What Happened to USB Flash Drive Movie Kiosks?

By · Monday, August 8th, 2011

Flash Drive Movie Download Kiosk They’re like Redbox—same home entertainment market potential—minus the popularity and millions of dollars in profits.  I’m talking about flash drive kiosks, where consumers can instantly download movies, music or games to their custom USB drives from convenient locations like corner gas stations or grocery stores.  The problem is, word on USB kiosk implementation has been rather quiet in recent months.  From as far back as 2008 to the beginning of this year, flash drive kiosks from various ventures had garnered some good online buzz.  However, we have yet to see movie rentals make the switch to USB.  What’s more is there is every reason to turn to flash drives in this capacity.  Here’s why:

–     An increasing number of HDTVs are being outfitted with USB ports to help provide this kind of instant home entertainment viewing.

–     Fewer optical drives are appearing in laptops and netbooks to play your personal DVDs and rentals.  At the same time, all of this hardware is equipped with a USB interface.

–     Greater inventory.  Because the kiosks don’t need to store physical copies like with DVD rentals, your USB flash drive movies are always in stock.  As a result, these digital downloads can offer thousands of movie titles as opposed to just a few dozen movie titles.

A few companies have created their own USB flash drive kiosk concept, but have faltered with a rocky start or lack of angel investors.  For example, MOD Systems had created digital download kiosks via SD card or USB for movies, shows and branding efforts.  However, the company took a downward spiral when CEO Mark Phillips was accused of and subsequently sentenced for bilking big investors.

Flix on Stix is a flash drive kiosk company still in the money raising stage.  The company’s concept uses touchscreen kiosks for title browsing, purchasing and downloading.  If you take a quick look at the company’s site, it still appears to be in a stage of construction—the copyright has yet to be updated since 2009 and “Coming Soon” banners dot a few of the site’s category pages.

However, after a quick call to Flix on Stix’s Bryan Ross, he assured me that the company is still actively working through beta to full deployment.  Ross says Flix is using a variety of focus groups local to the company’s California office to tweak and refine the services as they go.  Approximately 500 kiosks are slated to debut later this year.  According to Ross, a major film studio has already committed to Flix on Stix distribution efforts, although he declined to comment on which one.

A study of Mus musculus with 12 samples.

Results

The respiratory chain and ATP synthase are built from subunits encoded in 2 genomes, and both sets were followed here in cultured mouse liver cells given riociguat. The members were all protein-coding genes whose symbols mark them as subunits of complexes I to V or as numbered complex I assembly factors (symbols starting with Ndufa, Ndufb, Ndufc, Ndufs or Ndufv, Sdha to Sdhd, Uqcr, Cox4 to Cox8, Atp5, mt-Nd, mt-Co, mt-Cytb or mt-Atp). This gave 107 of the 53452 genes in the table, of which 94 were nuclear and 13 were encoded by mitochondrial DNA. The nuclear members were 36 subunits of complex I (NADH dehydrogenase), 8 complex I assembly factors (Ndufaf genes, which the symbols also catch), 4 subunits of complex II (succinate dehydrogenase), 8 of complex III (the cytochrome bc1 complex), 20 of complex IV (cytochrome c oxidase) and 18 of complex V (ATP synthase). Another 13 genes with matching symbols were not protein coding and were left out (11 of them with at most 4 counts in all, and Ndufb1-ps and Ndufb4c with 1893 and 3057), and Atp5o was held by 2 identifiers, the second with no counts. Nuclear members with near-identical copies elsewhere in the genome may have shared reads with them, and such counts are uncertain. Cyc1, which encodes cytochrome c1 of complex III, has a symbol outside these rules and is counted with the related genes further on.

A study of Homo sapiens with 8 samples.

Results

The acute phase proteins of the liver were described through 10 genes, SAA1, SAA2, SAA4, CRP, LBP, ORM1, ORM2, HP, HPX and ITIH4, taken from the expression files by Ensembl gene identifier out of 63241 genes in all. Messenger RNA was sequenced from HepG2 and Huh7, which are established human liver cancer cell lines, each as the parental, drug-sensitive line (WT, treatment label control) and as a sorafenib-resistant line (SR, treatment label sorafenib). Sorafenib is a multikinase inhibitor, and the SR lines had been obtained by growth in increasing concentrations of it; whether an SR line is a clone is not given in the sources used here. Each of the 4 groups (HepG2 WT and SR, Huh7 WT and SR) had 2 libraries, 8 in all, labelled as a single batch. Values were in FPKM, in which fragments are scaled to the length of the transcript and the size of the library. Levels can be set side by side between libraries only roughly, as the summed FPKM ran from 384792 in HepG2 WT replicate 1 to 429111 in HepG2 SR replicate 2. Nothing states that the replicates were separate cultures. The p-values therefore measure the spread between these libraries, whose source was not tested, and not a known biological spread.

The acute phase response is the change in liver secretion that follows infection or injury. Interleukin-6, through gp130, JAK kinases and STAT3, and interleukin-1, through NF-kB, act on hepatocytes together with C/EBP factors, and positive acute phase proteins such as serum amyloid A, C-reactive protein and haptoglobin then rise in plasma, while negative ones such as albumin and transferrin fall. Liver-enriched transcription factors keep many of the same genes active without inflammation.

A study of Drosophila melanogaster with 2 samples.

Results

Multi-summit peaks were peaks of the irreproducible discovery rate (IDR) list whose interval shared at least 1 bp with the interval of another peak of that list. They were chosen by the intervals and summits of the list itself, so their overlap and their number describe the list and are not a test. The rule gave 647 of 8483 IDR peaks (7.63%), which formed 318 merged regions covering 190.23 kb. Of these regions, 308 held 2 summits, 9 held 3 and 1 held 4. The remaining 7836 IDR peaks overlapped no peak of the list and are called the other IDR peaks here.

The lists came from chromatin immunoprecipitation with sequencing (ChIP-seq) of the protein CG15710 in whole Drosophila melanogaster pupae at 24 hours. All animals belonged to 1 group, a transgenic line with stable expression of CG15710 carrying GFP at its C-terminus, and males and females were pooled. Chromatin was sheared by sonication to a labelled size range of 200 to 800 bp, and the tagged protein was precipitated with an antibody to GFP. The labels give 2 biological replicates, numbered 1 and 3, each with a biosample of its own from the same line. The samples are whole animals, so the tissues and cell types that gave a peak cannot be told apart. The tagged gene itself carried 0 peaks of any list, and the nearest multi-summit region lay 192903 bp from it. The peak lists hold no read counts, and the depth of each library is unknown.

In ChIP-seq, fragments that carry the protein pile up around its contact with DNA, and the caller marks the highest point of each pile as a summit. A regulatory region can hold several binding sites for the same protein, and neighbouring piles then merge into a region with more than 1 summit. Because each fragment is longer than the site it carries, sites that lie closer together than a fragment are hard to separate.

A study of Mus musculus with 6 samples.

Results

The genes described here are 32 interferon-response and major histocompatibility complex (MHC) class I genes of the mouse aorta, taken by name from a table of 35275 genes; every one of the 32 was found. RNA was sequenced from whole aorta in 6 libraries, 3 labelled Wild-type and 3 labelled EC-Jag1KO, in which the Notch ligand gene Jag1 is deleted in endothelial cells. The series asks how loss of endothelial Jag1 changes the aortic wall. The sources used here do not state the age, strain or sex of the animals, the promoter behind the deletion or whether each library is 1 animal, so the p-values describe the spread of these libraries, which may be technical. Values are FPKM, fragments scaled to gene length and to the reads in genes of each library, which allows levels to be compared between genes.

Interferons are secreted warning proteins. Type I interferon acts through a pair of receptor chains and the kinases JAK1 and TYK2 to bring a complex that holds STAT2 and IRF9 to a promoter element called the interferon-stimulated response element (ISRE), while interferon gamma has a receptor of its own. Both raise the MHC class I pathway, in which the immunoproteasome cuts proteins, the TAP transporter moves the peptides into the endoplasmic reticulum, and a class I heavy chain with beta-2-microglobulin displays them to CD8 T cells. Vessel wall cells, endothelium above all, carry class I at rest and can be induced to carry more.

Digiboo is another USB movie download kiosk startup pioneered by studio execs and backed with angel funding.  Previous online reports have even linked award-winning actor Morgan Freeman as well as a Fujitsu group company with backing this digital distribution endeavor.  However, new information on a potential market release is rather limited.  Premium USB placed an inquiry with Digiboo CEO Richard Cohen.  At time of publication, we have not yet heard a response from Cohen, but will provide you with the latest information of Digiboo’s status as we receive it.

While digital distribution startups like USB flash drive kiosks are bound to take time to execute successfully, I’m truly surprised they have yet to dominate our retail corners.  With encryption technology to protect consumers, the remainder of the concept seems foolproof in its selection, speed, ease of use and portability.  What could be the holdup?  Is there still a disconnect between the USB interface and the majority of our home entertainment systems?  Is it a lack of blessings from studios?  Or is the Goliath Redbox standing in the way?

Weigh in with your thoughts.  What could make flash drive movie kiosks a failure or success?

Update 8/16/11:

Digiboo announces it has received multi-million dollar funding from Norby Corporation, which will subsequently allow the company to roll out USB movie kiosks sooner than it had anticipated.  Digiboo plans to install approximately 7,000 movie kiosks nationwide in the next three years.

According to Aleksandr Shapiro, President of Norby, “We see great global opportunities and potential in Digiboo’s penetration of the digital download entertainment market with its unique kiosks and target demographics. This investment is evidence of our confidence in Digiboo’s bright future prospects and its experienced management team already in place.”

Digiboo plans on announcing more details soon, and Premium USB will keep you posted with all of the latest.


By Kenneth Tomlinson on February 29th, 2012 at 8:18 am

What happened to the (MYTV)?, was a service of movies that you downloaded to a flash drive. The flash drive then was put in a speical tray and you used the tray remote to control the moive?